The 65th annual Grammy Awards returned Sunday night, delivering big-name performances from contemporary stars, newcomers, and iconic veterans alike.
It was also a night full of history as Beyonce became the artist with the most Grammys ever (32!) while Sam Smith and Kim Petras became the first non-binary and transgender artists, respectively, to win the best pop duo/group performance.
While it was an amazing night of celebration, let’s face it -- The Grammys, and all awards shows for that matter -- have theirs ups and downs.
We’ve all been there asking ourselves the same questions: “Do I really want to watch this?” “Will the host actually be funny?” “Are the performances going to be any good?” At the same time there’s the curiosity that draws us in: “Who will be the best (or craziest) dressed?” “Is someone going to do something crazy – a la Kayne at the 2009 VMAs?”
The only way to answer these questions is to tune in -- or in today’s reality, watch the TikTok highlights after.
But what doesn’t come from viral TikToks are the lessons brands and marketers can take away from the Grammys.
At its core, music is a celebration of culture. It’s authentic and grounded in meaning, something every brand, and marketer for that matter, should strive for. From the collaborations to the introductions, and the speeches there was something for every brand to consider in their marketing strategy going forward:
Create Authentic, One-of-a-Kind Collaborations: Motown legend Stevie Wonder and country powerhouse Chris Stapleton probably aren’t the first two artists anyone would expect to be singing together, but the reality? It worked. There was a natural respect and admiration as the two sang “Higher Ground,” pushing each other as they traded solos.
It’s the kind of partnership any brand would be lucky to have – one where each party brings their unique voice and pushes the other to do better. In the end not only does each brand win, so does the consumer.
Don’t Forget About Your Biggest Fans: Throughout this year’s Grammys, fans and loved ones took the place of celebrities to introduce the performers.
Carlile’s wife and kids introduced her, while Lizzo was introduced by Jayla Rose Sullivan, a transgender dancer featured on Lizzo’s Watch Out for the Big Grrls and thanked the star
for “opening up doors for women of size, women of color and people with all the different gender expressions.”
When Beyonce won for Best R&B Song for “Cuff It” she said, “I’d like to thank the queer community for your love and for inventing the genre.”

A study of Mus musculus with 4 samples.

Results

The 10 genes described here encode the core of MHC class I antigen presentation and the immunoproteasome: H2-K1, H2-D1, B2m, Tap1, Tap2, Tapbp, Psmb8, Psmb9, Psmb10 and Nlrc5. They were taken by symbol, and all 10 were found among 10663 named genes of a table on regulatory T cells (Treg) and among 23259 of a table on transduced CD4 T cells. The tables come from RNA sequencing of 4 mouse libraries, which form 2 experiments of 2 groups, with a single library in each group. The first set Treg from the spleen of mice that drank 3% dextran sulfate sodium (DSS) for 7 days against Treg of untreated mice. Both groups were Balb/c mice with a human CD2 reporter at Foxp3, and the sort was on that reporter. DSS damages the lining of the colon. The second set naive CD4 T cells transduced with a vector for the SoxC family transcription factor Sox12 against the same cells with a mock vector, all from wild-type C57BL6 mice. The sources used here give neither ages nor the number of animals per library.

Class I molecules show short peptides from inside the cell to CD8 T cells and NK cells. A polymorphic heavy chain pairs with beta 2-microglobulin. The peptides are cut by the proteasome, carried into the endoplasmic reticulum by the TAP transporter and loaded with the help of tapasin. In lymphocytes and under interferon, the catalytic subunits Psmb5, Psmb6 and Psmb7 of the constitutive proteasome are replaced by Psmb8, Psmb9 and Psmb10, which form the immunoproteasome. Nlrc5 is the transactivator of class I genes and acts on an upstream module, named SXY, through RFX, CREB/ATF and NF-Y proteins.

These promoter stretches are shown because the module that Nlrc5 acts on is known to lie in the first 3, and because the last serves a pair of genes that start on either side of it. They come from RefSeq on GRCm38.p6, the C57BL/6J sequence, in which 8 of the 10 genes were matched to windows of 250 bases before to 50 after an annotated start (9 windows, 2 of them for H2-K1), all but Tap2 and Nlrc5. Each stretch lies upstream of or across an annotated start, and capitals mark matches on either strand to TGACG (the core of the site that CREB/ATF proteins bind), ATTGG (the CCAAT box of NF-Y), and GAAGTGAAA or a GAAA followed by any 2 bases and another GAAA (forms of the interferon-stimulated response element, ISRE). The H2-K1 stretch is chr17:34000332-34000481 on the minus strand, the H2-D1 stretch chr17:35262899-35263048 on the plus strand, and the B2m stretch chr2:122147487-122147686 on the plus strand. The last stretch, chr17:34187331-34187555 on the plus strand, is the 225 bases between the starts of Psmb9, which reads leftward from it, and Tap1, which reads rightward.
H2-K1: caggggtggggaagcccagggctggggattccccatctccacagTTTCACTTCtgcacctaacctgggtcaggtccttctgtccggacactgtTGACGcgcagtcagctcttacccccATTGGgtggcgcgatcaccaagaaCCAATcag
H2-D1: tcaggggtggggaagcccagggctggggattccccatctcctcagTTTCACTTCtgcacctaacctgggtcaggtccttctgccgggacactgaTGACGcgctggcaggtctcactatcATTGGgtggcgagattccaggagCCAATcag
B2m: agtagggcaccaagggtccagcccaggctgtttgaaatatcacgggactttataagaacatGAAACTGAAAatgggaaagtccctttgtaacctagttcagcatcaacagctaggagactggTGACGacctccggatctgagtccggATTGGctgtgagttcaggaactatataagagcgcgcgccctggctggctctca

This all goes to say that acknowledging and making fans (or loyal customers) part of the brand story goes far beyond a sale. It creates advocates and gives others a reason to believe.
Know Your Voice: When it came time to accept the award for best pop duo/group performance Sam Smith and Kim Petras took the stage together, but Petras did the talking. She began her speech by saying Smith wanted her to accept the award for their duo, “Unholy” because she is the first transgender woman to win.
While Smith also made history in the category as the first non-binary winner, they understood it was a moment for Petras to shine.
As people and brands, we all have our moments in time to be heard. A brand can’t be everything or everywhere all the time. What matters is that the brand voice comes through in the moments the brand really stands for. This not only creates an unmatched authenticity, but just imagine the brand advocates it could create.
Be a Cheerleader: Harry Styles won Album of the Year, and frankly, not everyone was happy. As Styles accepted the award, he was heckled by fans shouting “Beyonce” and “Beyonce should’ve won” – maybe some of these brand advocates took it to far, but it was the reaction of others -- particularly Taylor Swift -- that showed us how it’s done.
Swift stood throughout Style’s entire acceptance speech, watching and listening with purpose. Not only that, but throughout the night Swift was shown on camera giving standing ovations, applauding, and showing her support for fellow artists.
Maybe it’s because of her experience with Kanye at the VMAs in 2009, or maybe it’s because Swift has built a brand empire and understands the value of lifting others up.
Not every artist or brand will win, and healthy competition makes us all better as brands and marketers. Not to mention the support and camaraderie we build by supporting each other could lead to the next big collaboration.
At the end of the day, many musicians, just like brands, are looking to sell more.
Although the products may be different, the fundamentals are the same: authentic collaborations, loyalty, knowing your voice, and lifting others up.
While these won’t solve every brand problem, they will enable a more meaningful connection with consumers whose attention and dollars are limited.